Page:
Diagnosis Code D74.0
Information for Medical Professionals
The diagnosis code D74.0 is grouped in the following Diagnostic Related Group(s) (MS-DRG v33.0)
Convert to ICD-9 General Equivalence Map
The ICD-10 and ICD-9 GEMs are used to facilitate linking between the diagnosis codes in ICD-9-CM and the new ICD-10-CM code set. The GEMs are the raw material from which providers, health information vendors and payers can derive specific applied mappings to meet their needs.
- 289.7 - Methemoglobinemia (approximate) Approximate Flag
The approximate flag is on, indicating that the relationship between the code in the source system and the code in the target system is an approximate equivalent.
- Congenital methemoglobinaema with defective methemoglobin-reducing system
- Congenital methemoglobinemia
- Congenital methemoglobinemia with abnormal methemoglobins
- Cytochrome b>3< deficiency
- Deficiency in enzyme complexes of mitochondrial respiratory chain
- Familial methemoglobinemia
- Hereditary methemoglobinemia due to globin chain mutation
- Hereditary methemoglobinemia, enzymatic type
- Hereditary nonspherocytic hemolytic anemia due to reduced nicotinamide adenine dinucleotide-methemoglobin reductase deficiency
Index of Diseases and Injuries
References found for the code D74.0 in the Index of Diseases and Injuries:
- Inclusion Terms: Inclusion terms
List of terms is included under some codes. These terms are the conditions for which that code is to be used. The terms may be synonyms of the code title, or, in the case of “other specified” codes, the terms are a list of the various conditions assigned to that code. The inclusion terms are not necessarily exhaustive. Additional terms found only in the Alphabetic Index may also be assigned to a code.
- Congenital NADH-methemoglobin reductase deficiency
- Hemoglobin-M [Hb-M] disease
- Methemoglobinemia, hereditary
Information for Patients
Also called: Hematologic diseases
Your blood is living tissue made up of liquid and solids. The liquid part, called plasma, is made of water, salts and protein. Over half of your blood is plasma. The solid part of your blood contains red blood cells, white blood cells and platelets.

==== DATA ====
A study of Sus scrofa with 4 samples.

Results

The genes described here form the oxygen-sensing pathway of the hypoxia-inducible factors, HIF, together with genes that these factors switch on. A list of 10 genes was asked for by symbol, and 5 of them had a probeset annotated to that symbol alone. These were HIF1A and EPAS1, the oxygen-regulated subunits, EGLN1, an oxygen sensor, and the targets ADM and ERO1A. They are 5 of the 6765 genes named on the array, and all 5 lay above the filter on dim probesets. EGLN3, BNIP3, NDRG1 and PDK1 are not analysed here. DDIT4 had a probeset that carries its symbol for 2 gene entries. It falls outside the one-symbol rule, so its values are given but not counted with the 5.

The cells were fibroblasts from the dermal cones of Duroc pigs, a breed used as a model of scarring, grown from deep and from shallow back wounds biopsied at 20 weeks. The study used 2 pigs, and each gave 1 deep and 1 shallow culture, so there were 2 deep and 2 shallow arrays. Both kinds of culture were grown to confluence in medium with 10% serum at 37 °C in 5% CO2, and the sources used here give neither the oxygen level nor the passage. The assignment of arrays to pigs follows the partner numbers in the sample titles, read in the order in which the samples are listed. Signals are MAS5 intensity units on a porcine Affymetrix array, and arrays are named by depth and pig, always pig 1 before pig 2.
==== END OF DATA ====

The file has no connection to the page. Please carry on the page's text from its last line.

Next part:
Blood disorders affect one or more parts of the blood and prevent your blood from doing its job. They can be acute or chronic. Many blood disorders are inherited. Other causes include other diseases, side effects of medicines, and a lack of certain nutrients in your diet.
Types of blood disorders include
- Platelet disorders, excessive clotting, and bleeding problems, which affect how your blood clots
- Anemia, which happens when your blood does not carry enough oxygen to the rest of your body
- Cancers of the blood, such as leukemia and myeloma
- Eosinophilic disorders, which are problems with one type of white blood cell.
- Blood differential
- Blood smear
- Low white blood cell count and cancer
- RBC count
- RBC indices
- WBC count
Methemoglobinemia, beta-globin type Methemoglobinemia, beta-globin type is a condition that affects the function of red blood cells. Specifically, it alters a molecule called hemoglobin within these cells. Hemoglobin within red blood cells attaches (binds) to oxygen molecules in the lungs, which it carries through the bloodstream, then releases in tissues throughout the body. Instead of normal hemoglobin, people with methemoglobinemia, beta-globin type have an abnormal form called methemoglobin, which is unable to efficiently deliver oxygen to the body's tissues. In methemoglobinemia, beta-globin type, the abnormal hemoglobin gives the blood a brown color. It also causes a bluish appearance of the skin, lips, and nails (cyanosis), which usually first appears around the age of 6 months. The signs and symptoms of methemoglobinemia, beta-globin type are generally limited to cyanosis, which does not cause any health problems. However, in rare cases, severe methemoglobinemia, beta-globin type can cause headaches, weakness, and fatigue.
Autosomal recessive congenital methemoglobinemia Autosomal recessive congenital methemoglobinemia is an inherited condition that mainly affects the function of red blood cells. Specifically, it alters a molecule within these cells called hemoglobin. Hemoglobin carries oxygen to cells and tissues throughout the body. In people with autosomal recessive congenital methemoglobinemia, some of the normal hemoglobin is replaced by an abnormal form called methemoglobin, which is unable to deliver oxygen to the body's tissues. As a result, tissues in the body become oxygen deprived, leading to a bluish appearance of the skin, lips, and nails (cyanosis).There are two forms of autosomal recessive congenital methemoglobinemia: types I and II. People with type I have cyanosis from birth and may experience weakness or shortness of breath related to the shortage of oxygen in their tissues. People with type II have cyanosis as well as severe neurological problems. After a few months of apparently normal development, children with type II develop severe brain dysfunction (encephalopathy), uncontrolled muscle tensing (dystonia), and involuntary limb movements (choreoathetosis); also, the size of their head remains small and does not grow in proportion with their body (microcephaly). People with type II have severe intellectual disability; they can recognize faces and usually babble but speak no words. They can sit unassisted and grip objects but have impaired motor skills that leave them unable to walk. In type II, growth is often slowed. Abnormal facial muscle movements can interfere with swallowing, which can lead to feeding difficulties and further slow growth.People with autosomal recessive congenital methemoglobinemia type I have a normal life expectancy, but people with type II often do not survive past early adulthood.